Sino-US friction and Necessity of Maritime Cooperation By Baber Ali Bhatti

THE United States has been preserving and enjoying the maritime superiority since World War II. The United States’ overwhelming military presence and powerful trans-Atlantic and trans-Pacific alliance system in the region form this maritime superiority. On the other hand, China has not had substantial position in maritime realm for a long time. In fact, issues of South China Sea, Taiwan and Diaoyu Islands are prominently attributed with China’s fragile air and naval forces in the past. After Cold War, the US was considered to be the sole great maritime power. With the shifting focus of China from land to naval development, the dynamics of naval superiority in the Pacific are changing. China’s strength and military modernization is changing the strategic pattern of the Pacific. It can, undoubtedly, be seen that the United States’ efforts toward maintaining and reinforcing Indo-Pacific maritime hegemony is likely to collide with China’s endeavouring to safeguard maritime rights and building capacity in future.

In this decade, maritime conflicts have consistently been the centre of Sino-US relations. Despite facing daily sea and air encounters and greater risk of military conflict, two countries are being more provocative at tactical level and hostile at strategic level. Though interdependence of interests and nuclear deterrence are optimistic factors, yet it will take a long time to form a new equilibrium meanwhile uncertainty and trouble will be guiding the relations between both countries before equilibrium replaces them. During that time, there are many possibilities of small scale armed conflict between US and China. China’s military force cannot challenge that of the United States worldwide in terms of capacity and strength of armed forces. However, in the sea area of the Asia-Pacific, the unipolar structure dominated by Washington is being replaced with a more balanced power distribution between the United States and China. This power transition has been mentioned by the security policy making and strategic community in various academic publications and conferences. Change in local power structure in Asia-Pacific is likely to occur with the rise of China. China’s primary focus to safeguard its interest is on western Pacific and therefore most of its national defence resources will be catering this area.

On the other hand, United States has to focus on worldwide to maintain its status as sole world power and can only use part of its national defence spending in the region regardless of the fact how much importance the US gives to ‘Indo-Pacific Strategy’. Therefore, China is likely to match the US in terms of defence capacity in the western Pacific. Undeniably, there is a large gap between the US and China in military capabilities and quality. However, in East Asia, Chinese navy will most probably gain superiority given the power projection asymmetries between the US and China. This way, such superiority on the part of China is likely to compensate the quality disparity against the US. Moreover, the United States has a wider security network of alliance in the Asia-Pacific. The US has maintained alliance with many maritime nations in Asia-Pacific such as South Korea, Japan and the Philippines. Under the umbrella of the US, these countries are given more and more security commitments by the US regarding South China Sea, Diaoyu Islands and other maritime issues which involve China. To support this alliance network and endorse its commitment, the US has stationed heavy naval presence in the Pacific. China’s growing naval strength and strong naval presence in the region imply its response capacity. Any kind of conflict with China by any allied state can bring the US and China eyeball to eyeball. These circumstances make regional environment more vulnerable to any small scale maritime conflict which can be turned into war given the heavy naval military presence of both countries.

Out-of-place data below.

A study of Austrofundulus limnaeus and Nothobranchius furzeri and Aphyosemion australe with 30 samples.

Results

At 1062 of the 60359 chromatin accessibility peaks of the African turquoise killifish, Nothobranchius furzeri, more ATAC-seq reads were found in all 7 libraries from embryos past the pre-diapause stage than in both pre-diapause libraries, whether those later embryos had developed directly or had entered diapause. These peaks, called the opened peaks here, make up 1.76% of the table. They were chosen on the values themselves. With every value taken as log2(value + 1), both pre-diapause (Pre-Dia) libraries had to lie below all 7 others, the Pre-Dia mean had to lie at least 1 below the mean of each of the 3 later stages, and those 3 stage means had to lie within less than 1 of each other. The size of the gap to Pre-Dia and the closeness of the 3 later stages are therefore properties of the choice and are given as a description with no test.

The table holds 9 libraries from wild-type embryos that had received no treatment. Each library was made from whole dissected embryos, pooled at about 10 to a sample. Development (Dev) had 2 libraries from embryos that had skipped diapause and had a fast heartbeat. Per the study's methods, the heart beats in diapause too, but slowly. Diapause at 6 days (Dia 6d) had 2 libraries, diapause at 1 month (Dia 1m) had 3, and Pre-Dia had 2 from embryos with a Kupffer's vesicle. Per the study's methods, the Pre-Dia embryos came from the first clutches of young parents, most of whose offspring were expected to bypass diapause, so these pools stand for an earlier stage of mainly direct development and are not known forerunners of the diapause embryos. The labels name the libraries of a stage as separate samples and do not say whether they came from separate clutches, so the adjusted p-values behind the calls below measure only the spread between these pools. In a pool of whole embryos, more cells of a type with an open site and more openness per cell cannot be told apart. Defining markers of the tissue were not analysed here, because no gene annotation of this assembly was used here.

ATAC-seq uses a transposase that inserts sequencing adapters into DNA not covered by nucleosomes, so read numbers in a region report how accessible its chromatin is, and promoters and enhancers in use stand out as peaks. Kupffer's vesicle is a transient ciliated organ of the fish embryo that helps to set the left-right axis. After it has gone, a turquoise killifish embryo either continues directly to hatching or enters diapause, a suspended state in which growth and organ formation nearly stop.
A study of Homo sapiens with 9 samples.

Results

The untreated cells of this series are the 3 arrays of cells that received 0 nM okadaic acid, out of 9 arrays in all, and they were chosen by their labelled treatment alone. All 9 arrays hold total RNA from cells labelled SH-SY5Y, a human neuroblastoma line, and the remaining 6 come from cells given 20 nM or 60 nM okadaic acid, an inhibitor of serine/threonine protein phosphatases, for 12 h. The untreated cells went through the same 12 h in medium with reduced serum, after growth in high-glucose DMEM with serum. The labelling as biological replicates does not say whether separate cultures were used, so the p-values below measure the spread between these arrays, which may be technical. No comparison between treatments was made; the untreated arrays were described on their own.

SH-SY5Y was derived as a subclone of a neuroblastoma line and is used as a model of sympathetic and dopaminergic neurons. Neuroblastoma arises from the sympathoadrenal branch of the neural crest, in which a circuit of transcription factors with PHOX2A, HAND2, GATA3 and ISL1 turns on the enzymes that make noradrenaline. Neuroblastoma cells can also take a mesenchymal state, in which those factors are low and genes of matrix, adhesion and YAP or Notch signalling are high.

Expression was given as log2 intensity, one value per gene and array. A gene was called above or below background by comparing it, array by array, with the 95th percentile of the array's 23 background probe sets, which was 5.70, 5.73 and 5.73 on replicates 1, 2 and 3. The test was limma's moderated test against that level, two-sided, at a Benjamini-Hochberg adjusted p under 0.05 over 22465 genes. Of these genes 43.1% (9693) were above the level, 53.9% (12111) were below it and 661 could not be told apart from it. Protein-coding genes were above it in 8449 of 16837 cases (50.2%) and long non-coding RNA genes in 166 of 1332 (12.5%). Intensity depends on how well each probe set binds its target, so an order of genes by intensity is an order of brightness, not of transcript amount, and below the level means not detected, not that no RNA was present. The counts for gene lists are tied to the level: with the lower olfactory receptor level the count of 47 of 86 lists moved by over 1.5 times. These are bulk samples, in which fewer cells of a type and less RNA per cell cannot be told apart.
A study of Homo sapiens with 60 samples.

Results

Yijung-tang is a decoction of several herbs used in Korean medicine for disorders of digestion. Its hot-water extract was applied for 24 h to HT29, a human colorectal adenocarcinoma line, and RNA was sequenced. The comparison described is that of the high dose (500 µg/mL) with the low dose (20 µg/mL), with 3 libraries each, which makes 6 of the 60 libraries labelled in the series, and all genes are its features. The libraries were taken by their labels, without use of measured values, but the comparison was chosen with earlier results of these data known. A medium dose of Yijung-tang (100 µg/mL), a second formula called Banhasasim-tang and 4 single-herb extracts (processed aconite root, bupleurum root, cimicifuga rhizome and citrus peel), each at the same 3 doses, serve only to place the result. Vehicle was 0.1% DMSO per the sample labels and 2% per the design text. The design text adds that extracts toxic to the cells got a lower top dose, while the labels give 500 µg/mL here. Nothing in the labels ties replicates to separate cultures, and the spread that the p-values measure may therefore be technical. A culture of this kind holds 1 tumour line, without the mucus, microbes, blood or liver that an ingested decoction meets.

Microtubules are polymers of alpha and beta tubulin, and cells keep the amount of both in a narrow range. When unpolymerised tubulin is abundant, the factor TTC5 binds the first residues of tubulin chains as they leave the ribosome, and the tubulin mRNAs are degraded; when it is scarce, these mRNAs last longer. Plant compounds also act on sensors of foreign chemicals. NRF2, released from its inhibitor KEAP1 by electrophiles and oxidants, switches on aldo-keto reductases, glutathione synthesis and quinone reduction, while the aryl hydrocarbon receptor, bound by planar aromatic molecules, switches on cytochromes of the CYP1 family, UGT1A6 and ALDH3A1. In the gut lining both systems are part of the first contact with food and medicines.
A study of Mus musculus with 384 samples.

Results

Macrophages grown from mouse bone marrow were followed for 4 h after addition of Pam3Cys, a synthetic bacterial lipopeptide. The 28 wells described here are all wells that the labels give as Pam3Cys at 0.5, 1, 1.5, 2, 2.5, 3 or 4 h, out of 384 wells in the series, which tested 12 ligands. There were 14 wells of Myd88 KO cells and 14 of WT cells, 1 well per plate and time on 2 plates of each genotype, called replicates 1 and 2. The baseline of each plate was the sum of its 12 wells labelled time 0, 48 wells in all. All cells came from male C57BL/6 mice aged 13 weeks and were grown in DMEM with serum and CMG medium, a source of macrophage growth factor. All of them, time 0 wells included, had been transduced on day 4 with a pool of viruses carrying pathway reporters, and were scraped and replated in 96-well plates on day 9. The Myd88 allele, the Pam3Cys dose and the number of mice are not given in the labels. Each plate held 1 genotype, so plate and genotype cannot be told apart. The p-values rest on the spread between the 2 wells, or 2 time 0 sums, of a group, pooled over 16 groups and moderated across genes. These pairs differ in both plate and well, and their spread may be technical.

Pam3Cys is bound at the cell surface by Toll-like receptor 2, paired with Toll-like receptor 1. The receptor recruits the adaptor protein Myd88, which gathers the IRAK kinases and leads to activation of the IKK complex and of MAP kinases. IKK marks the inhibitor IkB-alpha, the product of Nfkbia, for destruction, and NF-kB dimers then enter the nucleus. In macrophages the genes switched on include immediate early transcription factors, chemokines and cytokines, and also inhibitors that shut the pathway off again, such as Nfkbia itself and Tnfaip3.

Therefore, the US and China despite their trade and power frictions, are needed to acknowledge the possibilities of military mishap and initiate some serious negotiations to coexist at sea. Both compromise and competition are strategically unavoidable. Crisis management and competition control can only be secured when two states are able to reach an understanding or make compromises. It can be stated that both the US and China have veto power over any Asia Pacific maritime security order. China would not necessarily obey the Pacific maritime rules and order advocates by the US. Similarly, the US would not be forced to follow any rule in western Pacific by any regional naval power. Therefore, both countries should chalk out some mechanism for coordination and new avenues must be explored for maritime cooperation. Given their heavy presence in western Pacific and potential of crises intensification, both countries should negotiate set of rules and codes that can govern naval military operations. The US and China are both needed to include strategic conscience in their policy designs for Indo-Pacific. Two countries must focus on maritime cooperation to avoid any unfortunate incident in foreseeable future. Dialogues on western Pacific must be commenced as soon as possible. Both countries are needed to establish the regimes on arms control and maritime armament development. They should carry substantial negotiations to reach necessary agreement on power balance and power distribution for peaceful maritime regional order.

—The writer is Research Fellow at Maritime Study Forum and an Advocate of Islamabad High Court.